KALISPELL, Mont. — Sen. Steve Daines visited Kalispell Regional Healthcare Wednesday to discuss the work the hospital’s NICU is doing with drug-addicted babies.
"They're on the front lines of this meth epidemic in Montana,” said Daines. “We must do all that we can to combat this crisis in Montana."
In just the last four years KRH received three federal grants for their neonatal department.
The most recent bought them an artificial baby called Super Tory that can simulate what a drug baby would be like. The doctors can use the baby to train on how to treat drug-addicted babies.
"Helping those moms one mom at a time, one baby at a time get on to the right path,” Daines told NBC Montana. “Sometimes breaking generational chains here of addiction to get on to a better path."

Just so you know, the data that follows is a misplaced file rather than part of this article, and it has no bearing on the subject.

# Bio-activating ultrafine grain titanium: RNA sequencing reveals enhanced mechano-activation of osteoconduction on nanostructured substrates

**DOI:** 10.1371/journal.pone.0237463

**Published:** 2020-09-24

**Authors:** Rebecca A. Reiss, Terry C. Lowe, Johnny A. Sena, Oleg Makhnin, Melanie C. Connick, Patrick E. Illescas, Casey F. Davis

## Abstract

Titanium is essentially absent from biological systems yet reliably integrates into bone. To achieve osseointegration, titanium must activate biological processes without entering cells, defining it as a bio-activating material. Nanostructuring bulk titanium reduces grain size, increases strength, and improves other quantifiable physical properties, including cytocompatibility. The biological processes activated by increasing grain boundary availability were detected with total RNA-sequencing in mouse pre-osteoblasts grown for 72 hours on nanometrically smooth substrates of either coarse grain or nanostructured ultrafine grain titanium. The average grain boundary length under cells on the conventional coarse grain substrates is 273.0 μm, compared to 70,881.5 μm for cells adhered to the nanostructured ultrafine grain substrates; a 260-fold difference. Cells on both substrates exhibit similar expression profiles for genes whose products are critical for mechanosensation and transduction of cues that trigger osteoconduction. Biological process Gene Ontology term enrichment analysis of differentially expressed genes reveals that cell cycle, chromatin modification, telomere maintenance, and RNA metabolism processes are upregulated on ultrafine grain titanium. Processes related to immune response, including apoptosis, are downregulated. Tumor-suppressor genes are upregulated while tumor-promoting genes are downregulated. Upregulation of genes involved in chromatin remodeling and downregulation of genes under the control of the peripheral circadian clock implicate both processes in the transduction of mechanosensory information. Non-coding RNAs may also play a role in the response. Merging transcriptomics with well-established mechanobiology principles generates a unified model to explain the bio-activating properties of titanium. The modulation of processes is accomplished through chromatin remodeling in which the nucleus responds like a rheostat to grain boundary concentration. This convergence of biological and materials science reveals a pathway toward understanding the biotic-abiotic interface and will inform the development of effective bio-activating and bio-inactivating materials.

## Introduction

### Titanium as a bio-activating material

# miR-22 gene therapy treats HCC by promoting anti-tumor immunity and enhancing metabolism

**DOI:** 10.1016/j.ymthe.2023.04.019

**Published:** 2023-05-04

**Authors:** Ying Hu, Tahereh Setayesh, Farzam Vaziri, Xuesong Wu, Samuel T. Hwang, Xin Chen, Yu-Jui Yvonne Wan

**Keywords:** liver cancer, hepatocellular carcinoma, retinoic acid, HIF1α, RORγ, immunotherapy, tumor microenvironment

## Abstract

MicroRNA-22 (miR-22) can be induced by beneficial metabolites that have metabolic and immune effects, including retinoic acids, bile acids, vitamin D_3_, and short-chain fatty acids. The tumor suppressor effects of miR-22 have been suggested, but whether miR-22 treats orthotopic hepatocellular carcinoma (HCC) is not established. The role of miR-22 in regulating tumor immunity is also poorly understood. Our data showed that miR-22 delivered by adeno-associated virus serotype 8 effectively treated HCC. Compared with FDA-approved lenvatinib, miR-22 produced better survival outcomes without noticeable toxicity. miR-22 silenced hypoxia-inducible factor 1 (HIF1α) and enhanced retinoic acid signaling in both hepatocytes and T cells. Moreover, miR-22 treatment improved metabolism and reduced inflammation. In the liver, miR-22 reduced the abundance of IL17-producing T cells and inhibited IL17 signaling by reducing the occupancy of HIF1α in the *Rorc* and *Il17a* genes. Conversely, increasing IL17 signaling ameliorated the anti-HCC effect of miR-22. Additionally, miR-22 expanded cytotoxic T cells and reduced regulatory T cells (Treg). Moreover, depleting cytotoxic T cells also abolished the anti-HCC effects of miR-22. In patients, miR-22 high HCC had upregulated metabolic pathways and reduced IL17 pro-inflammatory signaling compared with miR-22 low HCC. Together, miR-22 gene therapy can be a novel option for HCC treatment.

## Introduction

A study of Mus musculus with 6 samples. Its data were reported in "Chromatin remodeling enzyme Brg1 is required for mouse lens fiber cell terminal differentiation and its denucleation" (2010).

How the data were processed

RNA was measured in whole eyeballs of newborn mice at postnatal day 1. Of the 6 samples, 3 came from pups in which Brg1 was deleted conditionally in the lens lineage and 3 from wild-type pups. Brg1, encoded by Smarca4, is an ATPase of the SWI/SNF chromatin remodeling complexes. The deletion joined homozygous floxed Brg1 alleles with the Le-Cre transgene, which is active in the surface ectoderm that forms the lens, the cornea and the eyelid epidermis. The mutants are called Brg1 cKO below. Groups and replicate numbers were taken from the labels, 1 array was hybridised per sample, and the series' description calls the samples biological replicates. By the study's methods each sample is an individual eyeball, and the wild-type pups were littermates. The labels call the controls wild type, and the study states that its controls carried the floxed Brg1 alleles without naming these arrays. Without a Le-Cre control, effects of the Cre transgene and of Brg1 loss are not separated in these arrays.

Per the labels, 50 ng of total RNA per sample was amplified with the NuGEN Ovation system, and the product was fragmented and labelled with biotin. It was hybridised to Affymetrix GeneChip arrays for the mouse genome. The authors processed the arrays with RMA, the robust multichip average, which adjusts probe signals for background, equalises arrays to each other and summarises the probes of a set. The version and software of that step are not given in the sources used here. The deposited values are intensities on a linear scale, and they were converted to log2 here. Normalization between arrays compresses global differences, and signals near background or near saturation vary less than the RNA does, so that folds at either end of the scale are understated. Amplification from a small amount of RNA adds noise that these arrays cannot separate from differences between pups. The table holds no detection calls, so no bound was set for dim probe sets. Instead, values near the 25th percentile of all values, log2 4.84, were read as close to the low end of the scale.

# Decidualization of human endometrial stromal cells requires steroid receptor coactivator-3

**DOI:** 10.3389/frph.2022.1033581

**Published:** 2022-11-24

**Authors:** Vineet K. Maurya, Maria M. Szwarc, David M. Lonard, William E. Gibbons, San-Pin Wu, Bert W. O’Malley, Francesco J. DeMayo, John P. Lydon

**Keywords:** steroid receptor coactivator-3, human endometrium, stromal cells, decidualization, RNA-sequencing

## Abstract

Through those grants, the hospital said it is able to teach and help on a large scale. They are using telehealth units that allow neonatal specialists to help other doctors over the internet by using a camera to show the baby. The unit can be found in 10 critical access hospitals across the state reaching as far as Glasgow and as close as Whitefish.
Hospital staff said they have utilized the unit about eight times a year.
"We have a large state, very rural in nature, and we can take the professionalism, the expertise that's here, for example, in Kalispell and project that across the far reaches of Montana," Daines said.
KRH health officials said they have been seeing more drug-addicted babies and moms, but they said this could have to do with early screening. Health officials said they are working to screen early so they can stop the addiction before the baby is born.
Daines pointed out that the drug crisis is growing.
"These seizures in meth in Montana double year over year, so this is across every corner of our state," he said.
Hospital workers said they see all backgrounds in drug users. It's a problem without a clear solution, but these people tell you starting at birth is one way to make a difference.